If you are one of the fortunate businesses to receive a Paycheck Protection loan from the SBA in the first round of CARES Act funding, you have cleared a major hurdle in sustaining your business during an uncertain time. Now, the task of securing loan forgiveness begins. The guidance on this is sparse and sometimes contradictory, but the SBA has promised more in the future. Here is a summary of what we know:
The CARES Act spelled out acceptable ways to use the loan proceeds. However, acceptable does not necessarily mean forgivable. The allowable uses for PPP loan funds include:
• Salaries, wages, commissions or similar compensation (up to $100,000 per year per employee, prorated)
• Cash tips or equivalent
• Employee leave, including parental, family, medical or sick (not covered under the Families First Coronavirus Response Act)
• Allowances for separation or dismissal
• Group healthcare benefits, including insurance benefits
• Retirement benefits
• State or local employer taxes on employee compensation
• Mortgage interest for debt originated prior to February 15, 202
• Rent and utility payments services originated prior to February 15, 2020
• Interest on other debt obligations incurred prior to February 15, 2020
• Compensation and income of up to $100,000 per year (prorated) for sole proprietors and independent contractors
Most expenditures for allowable purposes may also qualify for forgiveness, but there are two notable omissions. Excluded from forgiveness are healthcare benefits during periods of paid sick, medical or family leave and interest on other debt obligations (not mortgages). It is not clear why these were excluded, but the distinction is important for forgiveness planning purposes.
Another important requirement in the forgiveness process is that costs must be incurred and paid during the 8-week loan period. The statute is unclear about the application of this concept. Loan applications were calculated on a monthly basis, but forgiveness seems to be computed on a weekly basis. In the absence of specific guidance, our best recommendation would be to divide annual salaries and compensation by 52 weeks, so that the 8 weeks of salaries and benefits are accrued and paid within the loan period. This logic would hold for other allowable expenses as well.
The SBA has provided for 3 ways that loan forgiveness can be reduced, and each comes with its own degree of uncertainty.
• Headcount Reduction – Borrowers must show that the full-time equivalents (FTE) during their 8-week loan period did not decline from the FTEs per month using either 2/15/2019 to 6/30/19 or 1/1/2020 to 2/29/2020. The statute does not define FTE, but practitioners believe the SBA will use 30 hours per week to define a full-time employee, much like the Affordable Care Act did. Part-time employees can be combined to produce the equivalent of a full-time employee. The headcount reduction calculation will not include any reductions between February 15 and April 27, 2020 if the business restores the headcount before June 30, 2020.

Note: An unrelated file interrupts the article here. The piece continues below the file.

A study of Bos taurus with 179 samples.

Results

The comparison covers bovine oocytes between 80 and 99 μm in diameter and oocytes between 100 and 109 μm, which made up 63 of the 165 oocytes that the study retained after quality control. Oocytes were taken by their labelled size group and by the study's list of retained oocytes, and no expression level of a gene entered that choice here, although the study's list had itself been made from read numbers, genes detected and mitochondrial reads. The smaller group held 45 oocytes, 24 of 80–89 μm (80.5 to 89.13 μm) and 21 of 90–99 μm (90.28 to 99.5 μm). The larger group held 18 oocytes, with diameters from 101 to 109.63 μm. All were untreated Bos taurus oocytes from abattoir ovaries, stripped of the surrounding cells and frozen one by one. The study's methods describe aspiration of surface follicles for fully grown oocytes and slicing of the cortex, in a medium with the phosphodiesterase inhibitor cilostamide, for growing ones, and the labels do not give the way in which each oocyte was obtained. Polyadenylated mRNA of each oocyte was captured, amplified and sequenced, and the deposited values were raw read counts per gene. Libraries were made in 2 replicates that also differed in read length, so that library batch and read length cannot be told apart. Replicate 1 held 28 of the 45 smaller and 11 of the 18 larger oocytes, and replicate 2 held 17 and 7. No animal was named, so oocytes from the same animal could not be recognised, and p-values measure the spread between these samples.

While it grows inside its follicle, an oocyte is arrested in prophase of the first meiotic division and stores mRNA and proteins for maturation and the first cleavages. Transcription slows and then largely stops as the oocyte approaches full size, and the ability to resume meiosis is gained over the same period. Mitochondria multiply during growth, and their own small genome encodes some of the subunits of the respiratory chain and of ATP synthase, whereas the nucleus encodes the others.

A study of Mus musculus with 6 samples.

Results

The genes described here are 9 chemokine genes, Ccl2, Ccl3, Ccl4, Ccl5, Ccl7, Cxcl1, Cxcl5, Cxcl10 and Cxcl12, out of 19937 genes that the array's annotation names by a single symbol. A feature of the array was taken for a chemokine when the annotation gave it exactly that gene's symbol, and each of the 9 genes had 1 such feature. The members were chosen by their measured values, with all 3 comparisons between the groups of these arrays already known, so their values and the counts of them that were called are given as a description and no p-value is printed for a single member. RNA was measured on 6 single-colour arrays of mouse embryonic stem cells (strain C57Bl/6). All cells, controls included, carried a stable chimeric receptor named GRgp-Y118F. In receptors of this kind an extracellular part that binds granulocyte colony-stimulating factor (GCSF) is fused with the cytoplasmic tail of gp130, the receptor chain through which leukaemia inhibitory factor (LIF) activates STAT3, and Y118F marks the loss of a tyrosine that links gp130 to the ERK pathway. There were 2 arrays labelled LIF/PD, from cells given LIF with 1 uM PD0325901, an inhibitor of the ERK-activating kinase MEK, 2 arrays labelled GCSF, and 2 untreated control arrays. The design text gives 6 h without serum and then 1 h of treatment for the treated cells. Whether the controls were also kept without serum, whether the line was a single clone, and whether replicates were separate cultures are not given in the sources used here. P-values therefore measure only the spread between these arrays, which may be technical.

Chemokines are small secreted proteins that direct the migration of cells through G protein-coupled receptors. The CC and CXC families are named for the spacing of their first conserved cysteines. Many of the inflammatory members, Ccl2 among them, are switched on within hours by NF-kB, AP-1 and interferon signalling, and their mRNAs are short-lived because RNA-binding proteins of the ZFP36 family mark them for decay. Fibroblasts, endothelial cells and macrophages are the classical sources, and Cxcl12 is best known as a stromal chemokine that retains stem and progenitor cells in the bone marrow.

• Wage Reduction – Borrowers must show that an individual’s salary or wages during the eight-week loan period did not decline more that 25% from the most recent full-quarter. Employees making over $100,000 a year are excluded from this calculation. It’s unclear how this calculation would work because borrowers are comparing 8 weeks of wages with 3 months of wages. Presumably, borrowers will look at average wages for these time periods, but the SBA will need to issue further guidance. The wage reduction calculation will not include any reductions between February 15 and April 27, 2020 if the business remedies the reduction before June 30, 2020.
• Overhead Limitation – Non-payroll expenses cannot exceed 25% of the loan forgiveness amount.
The SBA has not spelled out the order for calculating these forgiveness reductions, and the order can affect the forgiveness amount. We wait for further guidance on this as well.
As we wait for additional guidance on loan forgiveness from the SBA, business owners must bear the responsibility of documenting and reporting how the loan proceeds are used. We recommend placing loan proceeds in a separate bank account and transferring funds to cover allowable expenses as they are incurred. In the event that you have loan proceeds that are not forgiven, the unforgiven portion is due within 24 months of the loan date. Any payments on the outstanding indebtedness are deferred for 6 months.
GranthamPoole is watching closely for new direction from the SBA which will help us advise you on achieving loan forgiveness. If you have specific questions, please contact your GP advisor. Our COVID-19 team is actively looking for answers.
Stephanie B. Smith, CPA, CFF
Stephanie B. Smith is a member of GranthamPoole PLLC and a recognized leader in the fields of business valuation and litigation support. She has also written, taught, and spoken on many topics in the area over the years and has served as a technical advisor and testifying expert in numerous cases. Please contact Stephanie at email@example.com or 601-499-2400. CPA License # 3657
***The above does not represent tax advice. Each situation is fact-dependent, and you should seek the advice of a competent advisor. GranthamPoole PLLC is a provider of tax, accounting, advisory and strategic services, partnering with clients across a broad spectrum of industries and sizes.